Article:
The Salvation Army's Red Kettle Christmas campaign mobilized Americans to contribute a record-breaking $117 million, which will be used to help more than 5,000 local communities across the country, according to an announcement last week.
Donations for Christmas 2006 increased 5.4 percent from the previous year's $111 million, reported the Salvation Army last Friday. The evangelical ministry attributes the success of the 115-year-old campaign to the retailers who invited the bell ringers to the store front, the generosity of the American people, and volunteers.
"The Salvation Army continues to be humbled by the generosity and support of the American public," said Major George Hood, national community relations for the Salvation Army, in a statement. "This record year of giving will enable the Army to continue its critical work serving those who need it most throughout the country."
One of the highlights of last year's campaign included its national kick-off. For the tenth straight year, the Salvation Army Red Kettle launched its campaign during the halftime show of the Dallas Cowboys' traditional Thanksgiving football game. The high profile, nationally televised game included music by "American Idol" winner Carrie Underwood and a touchdown slam dunk by Dallas wide receiver Terrell Owens into an oversized Salvation Army kettle.
The campaign was also boosted by partnerships with Wal-Mart stores and Sam's Clubs across the country, who again extended the number of days that Salvation Army bell-ringers could ring in front of stores and clubs.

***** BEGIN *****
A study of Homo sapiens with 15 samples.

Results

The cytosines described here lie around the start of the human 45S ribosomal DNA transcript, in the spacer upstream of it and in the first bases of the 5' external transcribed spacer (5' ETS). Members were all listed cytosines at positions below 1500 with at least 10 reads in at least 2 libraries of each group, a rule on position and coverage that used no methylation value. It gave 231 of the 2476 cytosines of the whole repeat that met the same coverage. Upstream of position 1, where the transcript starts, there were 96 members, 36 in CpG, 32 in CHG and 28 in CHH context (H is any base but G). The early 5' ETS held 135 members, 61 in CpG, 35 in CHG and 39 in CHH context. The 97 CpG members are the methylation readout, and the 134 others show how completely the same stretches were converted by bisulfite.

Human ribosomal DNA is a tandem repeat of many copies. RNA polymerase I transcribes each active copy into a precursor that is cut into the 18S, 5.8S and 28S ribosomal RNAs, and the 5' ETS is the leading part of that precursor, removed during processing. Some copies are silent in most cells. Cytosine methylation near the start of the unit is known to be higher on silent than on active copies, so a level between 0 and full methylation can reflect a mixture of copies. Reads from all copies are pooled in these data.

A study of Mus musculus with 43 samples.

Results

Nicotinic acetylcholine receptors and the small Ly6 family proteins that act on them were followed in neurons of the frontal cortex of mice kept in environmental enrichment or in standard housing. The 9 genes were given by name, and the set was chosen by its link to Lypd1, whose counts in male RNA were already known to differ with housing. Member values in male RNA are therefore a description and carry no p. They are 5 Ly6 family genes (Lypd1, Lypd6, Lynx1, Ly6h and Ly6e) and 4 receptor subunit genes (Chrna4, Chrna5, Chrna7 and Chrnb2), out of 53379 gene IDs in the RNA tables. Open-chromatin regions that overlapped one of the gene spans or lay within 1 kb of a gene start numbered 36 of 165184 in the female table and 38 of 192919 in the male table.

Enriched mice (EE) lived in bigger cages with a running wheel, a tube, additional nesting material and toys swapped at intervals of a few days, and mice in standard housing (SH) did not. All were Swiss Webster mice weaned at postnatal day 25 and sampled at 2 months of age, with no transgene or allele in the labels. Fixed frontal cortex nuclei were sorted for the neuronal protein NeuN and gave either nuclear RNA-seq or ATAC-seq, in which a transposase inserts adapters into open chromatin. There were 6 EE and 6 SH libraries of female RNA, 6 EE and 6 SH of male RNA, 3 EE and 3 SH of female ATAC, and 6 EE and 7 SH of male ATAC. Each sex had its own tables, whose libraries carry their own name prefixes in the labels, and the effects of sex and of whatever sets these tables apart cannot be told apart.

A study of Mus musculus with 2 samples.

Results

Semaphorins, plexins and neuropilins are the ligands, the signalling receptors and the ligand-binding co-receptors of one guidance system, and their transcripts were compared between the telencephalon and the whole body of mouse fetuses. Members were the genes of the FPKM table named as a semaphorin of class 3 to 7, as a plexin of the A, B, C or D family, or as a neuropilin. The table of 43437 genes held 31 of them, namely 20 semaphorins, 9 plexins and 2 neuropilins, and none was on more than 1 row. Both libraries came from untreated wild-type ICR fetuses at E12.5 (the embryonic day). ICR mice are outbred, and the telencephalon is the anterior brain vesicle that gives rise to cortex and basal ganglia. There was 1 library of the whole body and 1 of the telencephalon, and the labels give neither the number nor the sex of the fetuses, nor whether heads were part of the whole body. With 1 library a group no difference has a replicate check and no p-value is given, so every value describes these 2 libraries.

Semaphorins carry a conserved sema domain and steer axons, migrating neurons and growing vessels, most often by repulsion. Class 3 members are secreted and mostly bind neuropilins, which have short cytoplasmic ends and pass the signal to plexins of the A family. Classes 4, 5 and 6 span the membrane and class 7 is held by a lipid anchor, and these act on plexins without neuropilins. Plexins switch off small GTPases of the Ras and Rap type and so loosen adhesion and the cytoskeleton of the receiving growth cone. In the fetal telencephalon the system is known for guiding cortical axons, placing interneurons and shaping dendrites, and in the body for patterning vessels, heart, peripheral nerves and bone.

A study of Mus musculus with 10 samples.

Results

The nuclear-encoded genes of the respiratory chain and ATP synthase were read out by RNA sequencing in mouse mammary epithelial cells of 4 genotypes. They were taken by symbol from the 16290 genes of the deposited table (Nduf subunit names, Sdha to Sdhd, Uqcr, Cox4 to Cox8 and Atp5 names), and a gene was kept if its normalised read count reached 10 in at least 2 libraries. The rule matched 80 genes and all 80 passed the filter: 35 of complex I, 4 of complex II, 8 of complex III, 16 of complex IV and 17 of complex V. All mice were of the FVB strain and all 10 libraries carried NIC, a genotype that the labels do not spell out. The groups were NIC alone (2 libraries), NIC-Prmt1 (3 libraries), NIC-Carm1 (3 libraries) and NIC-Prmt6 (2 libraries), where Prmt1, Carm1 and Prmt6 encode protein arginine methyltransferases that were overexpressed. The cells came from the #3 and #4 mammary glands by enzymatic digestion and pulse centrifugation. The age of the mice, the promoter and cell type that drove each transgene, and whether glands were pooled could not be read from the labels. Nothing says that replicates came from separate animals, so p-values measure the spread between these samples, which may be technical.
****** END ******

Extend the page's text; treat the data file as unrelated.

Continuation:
In total, Wal-Mart helped raise over $30 million – the most raised by a single retail partner and nearly a quarter of all Red Kettle fundraising.
Moreover, Wal-Mart made a $1 million direct donation to the Red Kettles at an event with CEO Lee Scott, as well as a $250,000 donation to its online Red Kettle at Walmart.com.
Among the prominent bell-ringers last Christmas was Former President George H.W. Bush and First Lady Barbara Bush. They rang bells at a local furniture store in Houston, Texas near their home. Store owner Jim "Mattress Mack" McIngvale dropped a check for $50,000 into the kettle during its final week before Christmas.
The Red Kettle Campaign traces its roots back to a Salvation Army captain in San Francisco in 1891. The donations from the previous year helped the evangelical Christian humanitarian group serve more than 31 million Americans in need, including 6 million who received holiday assistance such as toys, coats, rent and utility assistance, among other items.
Correction: Sunday, March 25, 2007:
An article on Tuesday, Mar. 20, 2007, about the Salvation Army's 2006 Red Kettle Christmas campaign incorrectly reported that Wal-Mart helped raise $27.3 million. The Christian Post confirmed with Matt Meenan, the media contact for The Salvation Army, that the organization had misreported the amount and that Wal-Mart had in fact helped raise over $30 million.